Cadbury Dairy Milk Refreshes Packaging


Apart from the design change, the new moulds of the variants have more rounded edges against the current square cubes, in line with the latest kind of international moulds on Cadbury Dairy Milk chocolates. The current change basically implemented on Cadbury Silk in 2013 and it is now being implemented across the base range in 2014.

The new packaging retains the dominant purple colour, a glass and a half of milk though the actual tonality of the design is now more colorful. The new design has conversational style to the designs. For example, the Fruit and Nut, conceived by the brand as the most representative of the designs have the ampersand with the nut and fruit trapped within it.

The fundamental purpose of the design change is to refresh the brand and to keep it more contemporary, says Mukherjee. The purpose of the design change is to engage the consumer more deeply and doesn’t necessarily have a very clearly articulated commercial purpose.

Asked if the brand plans to launch any low price unit packs of its high cost variants like fruit and nut, roast almond and crackle, Mukherjee says, “There are no plans as of yet. These variants are not something that we would use to penetrate market but to expand the repertoire, and expand the range.” The pricing on fruit and nut, roasted almond and crackle is not something that is necessary because these are really adding to the repertoire of the existing chocolate users. In terms of a consumer’s progression into the chocolate category, they first kind of get used to the taste of plain chocolate and then they almost graduate to variants as to expand their repertoire.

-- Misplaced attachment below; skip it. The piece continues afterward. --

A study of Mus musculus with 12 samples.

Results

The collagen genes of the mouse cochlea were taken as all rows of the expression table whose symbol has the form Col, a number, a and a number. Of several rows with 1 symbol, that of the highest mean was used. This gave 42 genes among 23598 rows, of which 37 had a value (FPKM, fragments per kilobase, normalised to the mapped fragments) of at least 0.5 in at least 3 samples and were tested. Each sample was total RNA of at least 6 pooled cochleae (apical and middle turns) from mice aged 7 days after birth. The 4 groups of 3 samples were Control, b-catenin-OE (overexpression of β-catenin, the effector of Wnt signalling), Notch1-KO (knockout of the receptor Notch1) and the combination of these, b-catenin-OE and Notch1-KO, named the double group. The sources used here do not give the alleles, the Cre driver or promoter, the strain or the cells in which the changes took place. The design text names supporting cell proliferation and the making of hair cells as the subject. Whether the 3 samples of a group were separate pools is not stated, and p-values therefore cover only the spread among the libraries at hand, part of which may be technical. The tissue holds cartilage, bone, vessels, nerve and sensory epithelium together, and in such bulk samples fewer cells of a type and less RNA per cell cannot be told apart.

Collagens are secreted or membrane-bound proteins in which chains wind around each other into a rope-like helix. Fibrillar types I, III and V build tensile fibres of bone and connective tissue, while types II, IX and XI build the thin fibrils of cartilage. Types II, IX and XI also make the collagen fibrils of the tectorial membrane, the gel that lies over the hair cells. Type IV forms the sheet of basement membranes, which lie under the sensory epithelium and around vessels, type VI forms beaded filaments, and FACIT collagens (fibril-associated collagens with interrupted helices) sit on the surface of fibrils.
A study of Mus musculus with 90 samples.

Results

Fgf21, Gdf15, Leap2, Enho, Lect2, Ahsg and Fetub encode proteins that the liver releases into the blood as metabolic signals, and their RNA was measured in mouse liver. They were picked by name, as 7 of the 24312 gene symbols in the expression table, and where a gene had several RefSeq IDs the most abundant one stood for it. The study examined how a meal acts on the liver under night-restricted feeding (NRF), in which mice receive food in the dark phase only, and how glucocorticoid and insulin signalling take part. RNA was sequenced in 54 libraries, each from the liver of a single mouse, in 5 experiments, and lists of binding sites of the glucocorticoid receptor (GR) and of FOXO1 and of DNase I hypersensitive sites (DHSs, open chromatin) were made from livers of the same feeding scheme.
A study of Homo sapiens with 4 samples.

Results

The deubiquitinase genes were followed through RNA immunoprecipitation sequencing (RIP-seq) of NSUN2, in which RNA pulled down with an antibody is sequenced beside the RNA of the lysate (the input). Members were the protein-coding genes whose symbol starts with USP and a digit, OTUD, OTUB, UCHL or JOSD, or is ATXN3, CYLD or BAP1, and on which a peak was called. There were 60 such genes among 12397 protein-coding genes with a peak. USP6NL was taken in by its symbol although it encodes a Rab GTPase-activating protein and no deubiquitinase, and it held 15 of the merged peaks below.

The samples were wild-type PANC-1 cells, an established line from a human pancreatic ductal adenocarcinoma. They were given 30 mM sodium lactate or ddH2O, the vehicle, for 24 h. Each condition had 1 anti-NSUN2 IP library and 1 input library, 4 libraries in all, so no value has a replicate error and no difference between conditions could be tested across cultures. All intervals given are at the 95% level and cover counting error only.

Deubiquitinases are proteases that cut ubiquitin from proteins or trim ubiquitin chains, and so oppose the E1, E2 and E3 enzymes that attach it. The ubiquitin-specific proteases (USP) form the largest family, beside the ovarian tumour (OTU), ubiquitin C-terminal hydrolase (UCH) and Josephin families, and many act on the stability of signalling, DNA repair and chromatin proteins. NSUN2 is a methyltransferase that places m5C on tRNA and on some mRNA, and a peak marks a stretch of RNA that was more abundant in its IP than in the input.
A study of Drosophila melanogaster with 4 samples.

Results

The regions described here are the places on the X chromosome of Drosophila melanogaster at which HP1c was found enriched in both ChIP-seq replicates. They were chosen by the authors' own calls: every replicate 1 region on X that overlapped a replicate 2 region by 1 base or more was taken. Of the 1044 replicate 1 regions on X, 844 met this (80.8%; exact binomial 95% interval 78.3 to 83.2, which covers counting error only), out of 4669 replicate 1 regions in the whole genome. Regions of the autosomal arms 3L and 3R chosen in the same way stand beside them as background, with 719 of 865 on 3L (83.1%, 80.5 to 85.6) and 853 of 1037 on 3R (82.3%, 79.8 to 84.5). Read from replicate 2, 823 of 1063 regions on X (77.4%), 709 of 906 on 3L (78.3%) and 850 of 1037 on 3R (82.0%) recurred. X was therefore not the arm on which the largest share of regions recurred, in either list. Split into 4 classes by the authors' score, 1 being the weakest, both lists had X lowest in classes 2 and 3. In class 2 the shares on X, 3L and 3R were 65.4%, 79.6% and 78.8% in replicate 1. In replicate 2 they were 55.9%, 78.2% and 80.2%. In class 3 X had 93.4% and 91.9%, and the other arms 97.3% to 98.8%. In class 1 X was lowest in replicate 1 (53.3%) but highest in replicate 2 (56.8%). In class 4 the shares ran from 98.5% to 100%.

Asked about their major investment plans in the coming quarter, Mukherjee says, “We are investing heavily behind giving out a lot of visi-coolers to our key retailers to ensure that the product is sold and stored in the right conditions even at the store levels.”

Talking about Cadbury’s expansion plans in Indian market, Mukherjee said that the low unit price packs of plain Dairy Milk give the first taste of chocolate to many young and rural consumers. The brand intends to continue with their current focus across cities, small town and rural areas as it is yielding good dividend. Rural areas contribute to 10 per cent of the total sales of the brand, which enjoys the largest share of the Chocolate market of the country.

There is no change in pricing with the new design changes.